Palestinian medics carry a wounded baby into the al-shifa hospital in Gaza City following an Israeli air strike on November 14, 2012. (AFP Photo/Mahmud Hams)

By Sara Hussein - AFP -  The usual cacophony of Gaza’s streets has been replaced by an eerie quiet, broken only by the whoosh of rockets, the crash of air strikes and screeching ambulances taking the wounded to hospital.

Since an Israeli air strike killed a top Hamas commander in Gaza City on Wednesday afternoon, marking the start of a massive aerial bombing campaign, the city’s residents have largely taken refuge at home.

Streets that are normally clogged by trucks and cars, competing for space and raising clouds of dust and noise, are virtually empty. And with schools throughout Gaza closed, the usual crowds of undersized children struggling with oversized backpacks are nowhere to be seen.

Instead, the only crowds are those gathered in mosques mourning the dead, or queuing outside bakeries to stock up on bread.

“I circled around for two hours, looking for a place with the shortest line,” said Momen Ahmed, 24, standing outside the Abu Dayya bakery with his friends. “To be honest, there’s no food crisis, and the interior ministry went on television to say there’s more than enough food, that we have plenty. But we think it’s better not to take the chance.”

The confrontation also sparked fears of a fuel crisis, with residents reporting petrol shortages throughout the city. As Momen waits, the crashing boom of a new air strike fills the air, followed shortly afterwards by the higher-pitched swoosh that indicates outgoing rocket fire.

A few hundreds metres (yards) away is Gaza’s Shifa hospital, where dozens of young men mill around, watching wide-eyed as ambulances and cars deliver the wounded.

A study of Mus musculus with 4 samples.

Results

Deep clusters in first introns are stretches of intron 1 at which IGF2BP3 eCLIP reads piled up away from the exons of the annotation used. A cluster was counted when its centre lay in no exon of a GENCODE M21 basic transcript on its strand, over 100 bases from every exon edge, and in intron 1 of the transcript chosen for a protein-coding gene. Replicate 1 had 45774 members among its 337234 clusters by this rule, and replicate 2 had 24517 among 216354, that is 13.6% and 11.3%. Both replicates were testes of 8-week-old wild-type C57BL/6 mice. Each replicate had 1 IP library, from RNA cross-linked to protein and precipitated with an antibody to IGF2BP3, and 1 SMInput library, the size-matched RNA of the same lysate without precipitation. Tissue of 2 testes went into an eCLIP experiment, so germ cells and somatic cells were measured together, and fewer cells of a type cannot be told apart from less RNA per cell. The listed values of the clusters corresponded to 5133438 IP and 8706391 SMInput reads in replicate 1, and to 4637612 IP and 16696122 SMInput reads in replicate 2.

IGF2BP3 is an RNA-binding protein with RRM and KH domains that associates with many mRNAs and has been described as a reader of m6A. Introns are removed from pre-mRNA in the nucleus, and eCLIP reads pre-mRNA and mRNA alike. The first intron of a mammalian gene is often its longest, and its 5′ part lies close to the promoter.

Shortly after a round of strikes in the eastern Zeitun neighbourhood, the injured begin to arrive.

First is a man in a blue tracksuit, lying crumpled and barefoot on a stretcher as he screams and weeps. The triage group, one of three working at the hospital front, examines him in vain for injuries. “It’s psychological. He’s simply completely traumatised,” says Ihab Shirir, an orthopaedic specialist.

Shortly afterwards, eight-year-old Sujud Nasser is brought in by her uncle. Her pink flip-flops, a plastic flower atop each foot, are splattered with blood and she looks out from under a head bandage at the doctor assessing her injuries. “What happened, sweetheart, where does it hurt?” he asks.

She hesitates, trembling as she responds. “There was a strike, the house collapsed, the wall. The stone fell on me and hit my head,” she says, pointing to the bandage, which covers a deep wound across her forehead.

The doctors assess the patients as quickly as possible, trying to clear the few beds in the triage room before the next wave arrives. An ambulance brings in a woman in niqab, Lubna Dalul, who was also caught beneath the wall of her home after the air strike. She is six months pregnant and terrified about whether her baby has been hurt. Behind her is another child, a six-year-old who is sobbing uncontrollably. Her uncle raises the hem of her trousers to show where shrapnel carved a bloody gash diagonally along her ankle and foot.

Dr Shirir is pragmatic about the flow of wounded, saying it is nothing like the scenes he witnessed during Israel’s massive 22-day Cast Lead Operation over New Year 2009 which claimed the lives of 1,400 Palestinians, half of them civilians and 13 Israelis, 10 of them soldiers. ”The situation now is bad, but so far, it’s not as bad as Cast Lead,” he says. “But we fear, we believe, that the worst is yet to come.